Running Elasticsearch Cluster On Spot Instances

Contributor: Azitabh Ajit

Elasticsearch is great. In fact, it is the most used datastore in its category as per db-engines. It has comfortably outshone apache-solr in terms of adoption since its launch in 2010.

It has done so despite using the same underlining technology, i.e. apache-lucene. Along with many other reasons, it has been able to do so because of scalability and fault tolerance being built into its core. These are the qualities that enabled us to consider running elasticsearch cluster on spot instances.

The need

Elasticsearch, like apache-solr, is resource intensive. It needs a good amount of memory to deliver the performance desired for powering a low latency website like Housing. We at Housing, rely on elasticsearch to deliver the most critical pages on our website. This requires a cluster with several nodes with each node having 16G(this works best for us) memory. If we ran all these nodes on on-demand ec2 instances, this would cost us few thousand dollars every month. We had a couple of options at our disposal to bring this recurring cost down:

    1. Use reserved instances.
    2. Look for using spot instances.

To maximize the savings without compromising on the availability, we decided to use a mixed strategy. Those not aware of what spot/reserved instances are or how they offer cost-benefits can go through their respective documentations: spot-documentation and reserved-documentation.

The checkpoints

While trying to reduce cost, we had to be absolutely sure of the following:

    1. The cluster should be able to auto-heal itself in the worst possible scenario presented by the termination of spot instances.
    2. There should be no compromise on the availability of the cluster.
    3. There should never be any data loss.

Based on the above requirements, we decided to use different strategies for different components of the cluster.

Treatment meted to different components

As per the best practices recommended here, we have two types of nodes in our cluster:

    1. Master-eligible nodes: These are set of 3 (to avoid split-brain) t2-small instances capable of acting as master. These instances don’t hold any data and don’t do any calculation, but are critical for the availability of the cluster. Since instances don’t incur much cost either, we didn’t move these to spot but used reserved instances instead.

  1. Data nodes: These instances store all the data and do coordination for queries involving multiple shards for all the user requests. It’s these instances which are chiefly responsible for the cost incurred. We decided to use a mixed approach here. This means we kept some of these nodes to reserved instances and moved rest of the nodes to spot instances. The exact ratio in which this was done will become clear in sections coming ahead.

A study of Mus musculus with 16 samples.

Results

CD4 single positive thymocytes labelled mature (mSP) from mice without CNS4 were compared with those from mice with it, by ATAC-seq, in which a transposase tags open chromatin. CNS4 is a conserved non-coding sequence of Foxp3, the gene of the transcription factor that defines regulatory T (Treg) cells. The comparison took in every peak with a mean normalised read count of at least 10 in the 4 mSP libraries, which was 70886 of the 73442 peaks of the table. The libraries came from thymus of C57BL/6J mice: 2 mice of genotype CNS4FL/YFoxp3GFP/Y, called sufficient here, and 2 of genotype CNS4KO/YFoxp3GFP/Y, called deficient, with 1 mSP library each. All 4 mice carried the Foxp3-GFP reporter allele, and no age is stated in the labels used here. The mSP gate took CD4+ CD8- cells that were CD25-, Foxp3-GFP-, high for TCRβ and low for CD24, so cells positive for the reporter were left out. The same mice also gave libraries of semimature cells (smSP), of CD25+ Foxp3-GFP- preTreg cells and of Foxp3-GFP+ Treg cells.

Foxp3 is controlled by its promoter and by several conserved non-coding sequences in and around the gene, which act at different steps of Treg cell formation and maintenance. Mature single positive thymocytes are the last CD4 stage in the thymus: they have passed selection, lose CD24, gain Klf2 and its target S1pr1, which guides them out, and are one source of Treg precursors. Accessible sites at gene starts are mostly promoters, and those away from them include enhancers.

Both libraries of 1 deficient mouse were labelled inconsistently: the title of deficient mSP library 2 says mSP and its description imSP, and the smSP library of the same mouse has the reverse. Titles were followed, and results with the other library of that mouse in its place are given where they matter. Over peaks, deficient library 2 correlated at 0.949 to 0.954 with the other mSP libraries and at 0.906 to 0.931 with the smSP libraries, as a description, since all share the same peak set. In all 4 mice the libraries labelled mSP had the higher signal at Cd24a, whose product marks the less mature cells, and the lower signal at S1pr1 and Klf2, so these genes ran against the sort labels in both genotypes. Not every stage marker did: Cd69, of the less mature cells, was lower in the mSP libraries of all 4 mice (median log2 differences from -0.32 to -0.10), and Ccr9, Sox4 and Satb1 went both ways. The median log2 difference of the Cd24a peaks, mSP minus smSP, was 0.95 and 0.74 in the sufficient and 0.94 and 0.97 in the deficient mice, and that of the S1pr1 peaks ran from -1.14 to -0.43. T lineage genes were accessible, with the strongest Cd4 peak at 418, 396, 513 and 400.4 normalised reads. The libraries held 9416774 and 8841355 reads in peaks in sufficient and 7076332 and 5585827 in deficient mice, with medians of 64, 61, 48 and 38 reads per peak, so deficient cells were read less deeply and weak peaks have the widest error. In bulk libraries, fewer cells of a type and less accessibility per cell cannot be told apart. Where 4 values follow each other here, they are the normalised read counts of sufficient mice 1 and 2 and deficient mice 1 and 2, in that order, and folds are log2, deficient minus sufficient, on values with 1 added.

Ensuring availability

Availability has two components:

    1. Read availability: Cluster is able to server read request if at least one copy of all the shards is available.
    2. Write availability: Similar to read availability, elasticsearch by default is available for write if one copy(primary) of all the shards are available. This can be changed to enhance consistency, but we have kept the default behaviour.

Our use case is very read-heavy, so we have kept 3 replicas of all the shards. This means that we have 4 copies of data. Elasticsearch by design never keeps two copies of data on the same node, so this also means that we can afford the simultaneous failure of 3 nodes in our cluster while maintaining availability. We can, in fact, afford to lose more nodes if the failure isn’t simultaneous. This is because elasticsearch will create fresh copies of data from available copies in case of failure of a node and will place it on other available nodes in the cluster as long as there are nodes in the cluster not holding the same copy of data.

The takeaway: We can afford the simultanuous failure of 3 nodes in the cluster.

Mixed approach for data nodes

We decided to keep half of our data nodes on reserved instances. This is no magic number. This is just because we are making our move gradually. So the number of instances on spot might increase in future.

We moved the other half to a fleet of spot instances. We took care of the following to ensure availability:

    1. We added instances of various types and capacities in the fleet and allowed the creation of spots in all available availability zones.
    2. We kept the bid price to the highest to suffer the least.
    3. We kept the allocation strategy to diversified.

Looking at the price history of spot instances, it is highly unlikely that the price of multiple instance types will ever touch the bid price simultaneously in all the availability zones. Few terminations can happen one by one and elasticsearch is capable of self-healing itself in such scenarios.

The outcome

We have been able to reduce the cost to less than half of the original value. We are running this way for quite some time now and we are yet to face any issue.